On the last day of March, five people living in the Tembo community of Tchigoma, Sud-Kivu Province, were kidnapped by certain members of the nearby immigrant Hutu community who were claiming a disputed mine site. They were taken to Katasomwa, inside Kahuzi Biega National Park (PNKB), a UNESCO World Heritage Site in eastern Democratic Republic of the Congo (DRC). A group of Tembo people went to Katasomwa to try to free the kidnapped people; a Hutu militia headed towards Katasomwa to intervene but the DRC’s army blocked their way. Fighting broke out, killing soldiers and militia members, and the situation rapidly deteriorated into a regional conflict between Tembo and Hutu militias.
Now, seven weeks later:
- up to 12,000 families from various ethnic groups have been displaced by the fighting, and are in urgent need of assistance
- the displaced people are living in churches or schools, with host families, or outdoors with no shelter
- children are not in school, families can’t work their fields, and many families don’t have enough to eat
- at least 12 civilians have been killed, and probably many more
- schools and churches have been demolished; two hospitals were completely pillaged and patients injured
- at least 30 homes have been destroyed
The Batwa people living around the Park are caught in the middle. Several Batwa were killed and Batwa homes have been burned. Many fled into the forest or to neighboring villages.
Photo by Paulin Mwendo (ARAP), October 2020
The trigger for the fighting was the contested mine site at Katasomwa, inside Kahuzi Biega National Park. A large immigrant Hutu community has developed in the Park, and both the Hutu and Tembo communities want to exploit the minerals. This is particularly outrageous, given the fact that indigenous Batwa people have been thrown into prison and even killed for being inside the Park – their traditional homelands. The Park insists that the displacement of the Batwa and subsequent violence against them is necessary to protect these special “world heritage” lands and endangered species. But now we learn that there are other large communities living, farming, mining, and even fighting inside the Park. How can this be?
The Park’s expansion in 1975 brutally forced the Batwa people off of their lands. They have lived in abject poverty, landless and largely without livelihoods ever since, for the past 45 years. Because the Park lands were emptied of their traditional guardians – the Batwa – these lands were viewed as open space by other communities and armed groups, who used them as a place to hide from authorities, as a staging ground for militias, or as a place to extract minerals and timber.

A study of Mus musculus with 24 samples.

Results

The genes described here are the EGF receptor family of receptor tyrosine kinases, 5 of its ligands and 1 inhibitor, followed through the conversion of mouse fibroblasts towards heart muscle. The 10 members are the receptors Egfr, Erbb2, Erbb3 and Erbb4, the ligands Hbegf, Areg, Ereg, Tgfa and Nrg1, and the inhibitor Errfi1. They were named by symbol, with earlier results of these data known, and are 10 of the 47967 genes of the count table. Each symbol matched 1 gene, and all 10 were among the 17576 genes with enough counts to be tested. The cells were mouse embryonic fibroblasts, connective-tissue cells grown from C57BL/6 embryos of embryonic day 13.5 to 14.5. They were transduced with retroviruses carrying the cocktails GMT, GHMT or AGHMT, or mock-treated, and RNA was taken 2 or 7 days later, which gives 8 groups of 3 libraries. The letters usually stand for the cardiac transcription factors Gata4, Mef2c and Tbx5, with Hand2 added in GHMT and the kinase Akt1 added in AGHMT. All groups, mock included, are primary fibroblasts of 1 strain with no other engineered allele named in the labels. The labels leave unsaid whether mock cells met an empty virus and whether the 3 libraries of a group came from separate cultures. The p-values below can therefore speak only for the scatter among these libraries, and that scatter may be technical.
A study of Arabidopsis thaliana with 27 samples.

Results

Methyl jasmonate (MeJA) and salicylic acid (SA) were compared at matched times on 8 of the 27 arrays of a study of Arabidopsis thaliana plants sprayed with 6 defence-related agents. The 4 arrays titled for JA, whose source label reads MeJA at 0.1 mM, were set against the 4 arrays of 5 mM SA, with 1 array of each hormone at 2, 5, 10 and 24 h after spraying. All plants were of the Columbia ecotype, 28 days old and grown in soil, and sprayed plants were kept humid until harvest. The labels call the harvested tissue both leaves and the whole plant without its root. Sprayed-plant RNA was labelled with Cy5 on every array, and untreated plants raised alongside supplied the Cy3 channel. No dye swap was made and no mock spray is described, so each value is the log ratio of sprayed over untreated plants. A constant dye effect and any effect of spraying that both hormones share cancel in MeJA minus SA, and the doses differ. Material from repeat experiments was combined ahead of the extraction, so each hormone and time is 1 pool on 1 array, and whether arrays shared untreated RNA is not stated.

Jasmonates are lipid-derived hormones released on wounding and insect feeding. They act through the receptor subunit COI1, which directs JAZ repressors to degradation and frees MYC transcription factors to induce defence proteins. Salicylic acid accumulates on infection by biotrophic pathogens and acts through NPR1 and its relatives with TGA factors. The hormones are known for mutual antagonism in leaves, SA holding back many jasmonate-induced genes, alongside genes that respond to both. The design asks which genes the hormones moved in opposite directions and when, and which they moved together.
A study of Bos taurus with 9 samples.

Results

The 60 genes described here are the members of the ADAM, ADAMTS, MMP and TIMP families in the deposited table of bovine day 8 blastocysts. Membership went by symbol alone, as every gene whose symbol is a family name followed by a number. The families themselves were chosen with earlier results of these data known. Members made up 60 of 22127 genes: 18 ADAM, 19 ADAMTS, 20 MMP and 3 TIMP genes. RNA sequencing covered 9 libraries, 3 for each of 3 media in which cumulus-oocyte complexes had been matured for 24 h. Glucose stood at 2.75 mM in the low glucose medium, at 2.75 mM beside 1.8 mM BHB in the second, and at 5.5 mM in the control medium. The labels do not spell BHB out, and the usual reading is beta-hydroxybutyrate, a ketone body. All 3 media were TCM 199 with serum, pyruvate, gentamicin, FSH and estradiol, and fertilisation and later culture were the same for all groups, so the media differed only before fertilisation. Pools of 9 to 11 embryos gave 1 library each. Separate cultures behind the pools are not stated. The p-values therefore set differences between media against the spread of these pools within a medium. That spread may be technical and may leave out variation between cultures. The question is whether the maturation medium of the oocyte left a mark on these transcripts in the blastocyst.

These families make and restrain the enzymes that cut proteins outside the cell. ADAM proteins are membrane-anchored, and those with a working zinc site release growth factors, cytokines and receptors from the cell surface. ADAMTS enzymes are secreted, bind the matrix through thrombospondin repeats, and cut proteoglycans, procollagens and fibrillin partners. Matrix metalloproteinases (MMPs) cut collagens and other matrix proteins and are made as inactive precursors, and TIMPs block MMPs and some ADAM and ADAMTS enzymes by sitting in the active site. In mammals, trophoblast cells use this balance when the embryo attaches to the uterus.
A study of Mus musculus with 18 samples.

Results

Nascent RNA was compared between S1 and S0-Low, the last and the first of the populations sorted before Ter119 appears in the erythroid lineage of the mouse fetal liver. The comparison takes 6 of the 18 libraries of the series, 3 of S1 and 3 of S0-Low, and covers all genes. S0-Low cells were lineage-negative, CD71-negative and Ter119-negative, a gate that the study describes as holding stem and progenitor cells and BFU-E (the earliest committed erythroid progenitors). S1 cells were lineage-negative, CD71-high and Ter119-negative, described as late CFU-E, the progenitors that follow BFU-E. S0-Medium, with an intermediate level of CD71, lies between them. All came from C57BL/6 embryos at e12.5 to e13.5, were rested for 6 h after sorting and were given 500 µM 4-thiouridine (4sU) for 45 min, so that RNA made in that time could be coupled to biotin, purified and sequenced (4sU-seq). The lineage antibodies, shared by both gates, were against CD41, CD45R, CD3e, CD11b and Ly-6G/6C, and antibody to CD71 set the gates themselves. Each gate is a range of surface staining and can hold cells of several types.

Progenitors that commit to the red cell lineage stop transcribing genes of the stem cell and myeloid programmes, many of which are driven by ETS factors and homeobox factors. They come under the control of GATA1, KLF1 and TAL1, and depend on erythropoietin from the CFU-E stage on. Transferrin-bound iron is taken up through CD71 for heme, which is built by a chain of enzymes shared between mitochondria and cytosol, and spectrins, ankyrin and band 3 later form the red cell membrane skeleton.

Meanwhile, militarized Park guards (with complicity from Park authorities and the army) continue to harass, shoot at, arrest, imprison or even kill Batwa people when they go into the Park. This has happened even when they enter the Park for authorized purposes: for example, in August of 2017, Nakulire Munganga and his 17-year-old son Mbone Nakulire were shot by armed ecoguards while they were gathering medicinal herbs to treat an outbreak of cholera; the teenager died. We have spent more than a year trying to free Chief Kasula and seven other Batwa people from the harsh prison in Bukavu, where they were sentenced by a military court to 15 years, after having dared to set foot in the Park. There is clearly a double standard, and now we learn just how dramatic the difference is: large communities, farms, mine sites and militias are allowed to exist in the Park, while peaceful Batwa families cannot enter the Park – their own traditional lands.
The DRC is the epitome of a colonized, extractive economy, where everything is taken by wealthy or powerful elites and the common people are left fighting each other over the scraps. From the time King Leopold of Belgium took the Congo Basin by force in 1885, Congolese leadership has continuously siphoned off wealth, leaving nothing behind to support the well-being of the people. In addition to the kleptocrats running the country, armed militias from neighboring Rwanda and Uganda have also invaded to grab minerals and land in eastern DRC. With the advent of “green technology” these minerals have taken on even greater importance globally, and the big mining interests including China, Switzerland, Israel and Canada are scrambling to gain control. Everyone is trying to take whatever they can, and the eastern provinces of the DRC have become an ongoing conflict zone.
Unfortunately, international “conservation” interests operate in much the same way, taking the land by force and excluding the indigenous peoples and local communities from accessing, managing or benefiting from what were their traditional homelands. However, even with military training and weapons, the park ecoguards are not able to bring the encroaching militias under control. They are operating under the failed paradigm called “coercive conservation”, which destroys the indigenous communities, thereby allowing destruction of the so-called protected lands by others.
This is an outrage that must be stopped. IfE’s regional network in DRC and neighboring countries, called Réseau Initiative for Equality (RIFE), is working to:
- monitor the conflict, where the Batwa people have fled to and what they need; then pass this information to humanitarian assistance agencies
- document the killings, illegal arrests and corrupt practices by Park managers and ecoguards
- protect Batwa human rights and land rights in the Congolese courts
- provide evidence of violations to the African Commission on Human and Peoples’ Rights
- build public awareness in DRC and around the world on this situation of coercive conservation, and link our local partners with international funding to defend their rights
We look forward to your participation as we seek a peaceful and ecologically sustainable world!